Oregon Rural Action (ORA) recently partnered with the Oregon Food Bank and Oregon State University Extension Service to host two community FEAST events that brought people together to work on improving the local and regional food systems. Through these events, ORA members were able to engage with others in the community to uncover issues most important to people and address those issues.
FEAST (Food, Education, Agriculture Solutions Together) is a formatted organizing tool developed by the Oregon Food Bank. It uses a day-long program to think through what the local food system is, envision what an ideal local food system might look like, and reflect upon challenges and opportunities to making improvements. The educational event included a shared meal and grouped people by interest area into working groups.
For a FEAST event to be most successful, a diverse group of participants from all stages of the food system—ranging from producers, marketers, distributers, and consumers—needed to be included. To achieve this, FEAST planning committees, which included ORA Food and Ag Policy Team members and ORA staff, worked closely with an AmeriCorp Resource Assistance for Rural Environments (RARE) volunteer, who is conducting a food systems assessment for Union and Baker counties in Oregon. The committees planned the details of the events, promoted them and worked to make sure all groups were represented.
As part of this, the Union County Feast planning committee identified people to participate in a panel to provide a local picture of the county’s food system. The panel, comprised of local individuals, included a food bank manager, the 4-H Outreach coordinator, the Farm to School Coordinator, a certified organic farmer—Susan Boyd, also an ORA member, and the chair of the ORA board, Cori Brewster.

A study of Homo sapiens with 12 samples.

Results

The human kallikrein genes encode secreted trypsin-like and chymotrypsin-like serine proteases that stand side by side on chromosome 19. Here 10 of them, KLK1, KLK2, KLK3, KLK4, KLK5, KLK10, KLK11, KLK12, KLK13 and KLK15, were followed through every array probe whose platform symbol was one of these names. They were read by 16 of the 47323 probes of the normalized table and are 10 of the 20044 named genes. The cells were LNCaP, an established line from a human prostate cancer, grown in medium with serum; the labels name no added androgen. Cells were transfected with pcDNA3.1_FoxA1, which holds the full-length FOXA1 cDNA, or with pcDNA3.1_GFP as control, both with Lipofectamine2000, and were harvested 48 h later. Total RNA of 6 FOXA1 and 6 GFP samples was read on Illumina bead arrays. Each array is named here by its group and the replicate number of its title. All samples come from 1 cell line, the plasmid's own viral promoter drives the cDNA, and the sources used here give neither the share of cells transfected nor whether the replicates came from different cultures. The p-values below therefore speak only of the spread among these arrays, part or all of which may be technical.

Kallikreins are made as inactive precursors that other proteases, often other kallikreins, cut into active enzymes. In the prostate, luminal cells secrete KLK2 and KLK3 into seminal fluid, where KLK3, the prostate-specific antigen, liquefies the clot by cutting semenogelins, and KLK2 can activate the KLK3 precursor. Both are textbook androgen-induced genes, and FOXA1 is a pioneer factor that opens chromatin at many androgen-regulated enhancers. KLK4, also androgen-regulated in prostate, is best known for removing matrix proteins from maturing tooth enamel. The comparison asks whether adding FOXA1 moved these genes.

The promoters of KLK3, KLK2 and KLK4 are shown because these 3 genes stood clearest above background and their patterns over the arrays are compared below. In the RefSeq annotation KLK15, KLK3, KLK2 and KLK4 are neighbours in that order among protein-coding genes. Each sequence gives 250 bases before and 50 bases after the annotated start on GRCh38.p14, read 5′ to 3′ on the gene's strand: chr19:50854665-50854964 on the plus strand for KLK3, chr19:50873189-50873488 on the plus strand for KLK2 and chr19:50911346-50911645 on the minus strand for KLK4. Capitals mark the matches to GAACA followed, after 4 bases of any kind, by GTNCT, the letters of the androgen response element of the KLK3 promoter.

Boyd described the life and work of an organic farmer in the valley and the challenges of getting the message out that it was important and financially worthwhile. Brewster explained why ORA did the work we do and what she saw as opportunities for greater community engagement.
The formats of the two FEAST events were slightly different but both brainstormed the community resources that existed in the counties and captured elements of what the perfect food system would have. Looking at the two side by side, participants then evaluated where they felt their community was doing a good job of working towards their idealized local food system and where they felt improvements could be made.
Each participant was then tasked with coming up with one solution or idea—8 to 10 words max— that they wrote on large note cards and posted on the wall. These ideas were then grouped together and formed the basis for the working groups.
Sixty total community members participated in the combined events, and a variety of issues were explored, including creating/updating a local food resource guide, getting a community kitchen space for cooking and canning education classes, supporting legislative efforts such as expansion of the cottage food bill, the need for a gleaning program, and interest in a mobile farmers market to reach remote communities. Participants agreed to follow up on the ideas generated around some of these issues and ORA is excited to figure out how it might best support some of these efforts as a community partner.